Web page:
WASHINGTON — As President Obama’s bipartisan commission on reducing the mounting federal debt headed to its first meeting on Tuesday, the president told its members that “everything has to be on the table” as they consider options for reducing spending and increasing tax revenue.
Mr. Obama, appearing in the Rose Garden at the White House, recounted some steps his administration has already taken to restrain the growth of annual deficits. But he said, “This alone will not make up for the years in which those in Washington refused to make hard choices and live within their means. “And it will not make up for the failure to level with the American people about the costs of the services that they value,” he added. “This is going to require people of both parties to come together and take a hard look at the growing gap between what the government spends and what the government raises in revenue. And it will require that we put politics aside, and that we think more about the next generation than the next election.”
The president was flanked by his choices to chair the commission: Alan K. Simpson, the former Republican senator from Wyoming, and Erskine Bowles, a Democrat and former White House chief of staff. With a grin, Mr. Obama saluted them for their courage in accepting the assignment — a nod to the low expectations that many in Washington have for the commission, given the polarization between the parties, especially in an election year. Mr. Obama then left for Iowa for the next stop on his “Main Street Tour,” and the commission members walked across the street to an executive conference center for their three-hour inaugural meeting.
They were scheduled to hear from Ben S. Bernanke, chairman of the Federal Reserve, who lately has said that elected officials must make “difficult choices” on taxes and spending as the economy recovers. Others who are scheduled to address the commission include Peter R. Orszag, the president’s budget director, and two former directors of the Congressional Budget Office, Robert Reischauer and Rudy Penner.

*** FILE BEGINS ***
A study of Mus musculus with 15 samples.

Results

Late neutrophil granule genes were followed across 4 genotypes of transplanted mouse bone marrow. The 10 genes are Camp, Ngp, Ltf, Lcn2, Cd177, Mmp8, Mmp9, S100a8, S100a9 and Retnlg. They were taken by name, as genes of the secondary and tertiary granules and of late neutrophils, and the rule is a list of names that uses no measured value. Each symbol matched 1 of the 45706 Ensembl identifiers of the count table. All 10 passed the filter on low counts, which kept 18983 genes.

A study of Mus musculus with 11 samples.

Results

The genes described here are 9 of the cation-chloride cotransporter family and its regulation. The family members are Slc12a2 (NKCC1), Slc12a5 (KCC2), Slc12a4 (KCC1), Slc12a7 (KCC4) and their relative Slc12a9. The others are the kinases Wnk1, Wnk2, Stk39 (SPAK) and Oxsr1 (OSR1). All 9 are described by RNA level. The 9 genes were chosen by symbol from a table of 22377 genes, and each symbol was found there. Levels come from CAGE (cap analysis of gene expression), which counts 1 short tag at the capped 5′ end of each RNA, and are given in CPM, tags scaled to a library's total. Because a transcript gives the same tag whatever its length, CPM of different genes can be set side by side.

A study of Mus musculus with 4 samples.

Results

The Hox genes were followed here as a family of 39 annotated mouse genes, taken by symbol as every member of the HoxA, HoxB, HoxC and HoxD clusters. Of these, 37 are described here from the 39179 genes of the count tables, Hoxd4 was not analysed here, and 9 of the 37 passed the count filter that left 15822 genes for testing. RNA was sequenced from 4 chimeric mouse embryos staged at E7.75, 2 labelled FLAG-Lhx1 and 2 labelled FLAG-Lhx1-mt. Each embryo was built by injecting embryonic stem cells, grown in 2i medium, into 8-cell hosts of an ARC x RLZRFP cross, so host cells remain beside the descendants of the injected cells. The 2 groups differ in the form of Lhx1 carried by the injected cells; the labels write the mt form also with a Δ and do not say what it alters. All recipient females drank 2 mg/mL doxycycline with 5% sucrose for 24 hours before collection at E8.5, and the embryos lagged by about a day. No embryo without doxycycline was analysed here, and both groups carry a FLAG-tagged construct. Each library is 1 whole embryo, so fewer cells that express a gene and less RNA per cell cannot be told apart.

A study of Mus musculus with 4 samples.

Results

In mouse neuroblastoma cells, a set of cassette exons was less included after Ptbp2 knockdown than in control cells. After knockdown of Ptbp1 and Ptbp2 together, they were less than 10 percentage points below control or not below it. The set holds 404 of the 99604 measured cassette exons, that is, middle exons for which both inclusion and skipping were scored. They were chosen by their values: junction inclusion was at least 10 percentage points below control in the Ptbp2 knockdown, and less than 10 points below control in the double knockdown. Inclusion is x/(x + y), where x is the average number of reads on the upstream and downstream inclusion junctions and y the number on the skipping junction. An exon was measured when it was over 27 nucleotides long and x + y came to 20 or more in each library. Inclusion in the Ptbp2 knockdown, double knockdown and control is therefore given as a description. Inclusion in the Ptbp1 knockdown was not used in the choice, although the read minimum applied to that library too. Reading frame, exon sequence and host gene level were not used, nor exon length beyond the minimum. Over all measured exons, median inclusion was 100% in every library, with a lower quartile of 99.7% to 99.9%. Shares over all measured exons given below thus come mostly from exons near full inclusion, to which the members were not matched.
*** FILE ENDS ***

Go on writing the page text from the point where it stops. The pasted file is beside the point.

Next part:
Mr. Bernanke and Mr. Penner are Republican appointees, while Mr. Orszag and Mr. Reischauer were appointed by Democrats. But all share a conviction that both cuts in spending and increases in revenue will be needed to bring down deficits, because as things stand, rising health-care costs and an aging population are widening the deficits to an unsustainable size.
Besides the chairmen, the 18-member panel, the National Commission on Fiscal Responsibility and Reform, includes a dozen members of Congress, six each from the House and Senate, equally split between Republicans and Democrats. Mr. Obama named six other members, including the two chairmen; none are current lawmakers or administration officials, two are Republicans.
Republicans complain that Democrats outnumber Republicans on the commission 10 to 8, but Mr. Obama, in his executive order creating the panel, specified that it could not send proposals to Congress without support from at least 14 members. That in effect gives the Republicans a veto. Should the commission members reach agreement, however, the Democratic leaders in Congress have promised that they would be brought to a vote, first in the Senate.
Many Republicans still oppose the commission, saying it is a Trojan horse for tax increases, while some liberal groups are mobilizing to oppose what they expect will be proposals to reduce future Social Security
benefits. Mr. Obama established the commission by executive order in February after legislation to create a similar panel was defeated in the Senate by a group of Republicans who dropped their previous support for the bill.
The six Republican lawmakers on the panel have said they will not try to impose preconditions on its work, like refusing to consider any tax increase. Mr. Obama’s admonition that everything should be on the negotiating table also is widely seen as having potential political repercussions for him. It obliges him to be open to setting aside his campaign promise that 95 percent of Americans — all but the wealthiest — will not see their federal taxes rise during his term.
The commission is scheduled to make its report by Dec. 1, about a month after the midterm elections. It is charged with recommending ways to reduce the deficit in the fiscal year 2015 to the equivalent of 3 percent of the gross domestic product or less — nearly a percentage point smaller than it is now projected to be in that year. The panel is also to recommend long-term changes in taxes and spending for the major entitlement programs — Medicare, Medicaid
and Social Security — whose expected growth is the biggest factor in the deficit forecasts.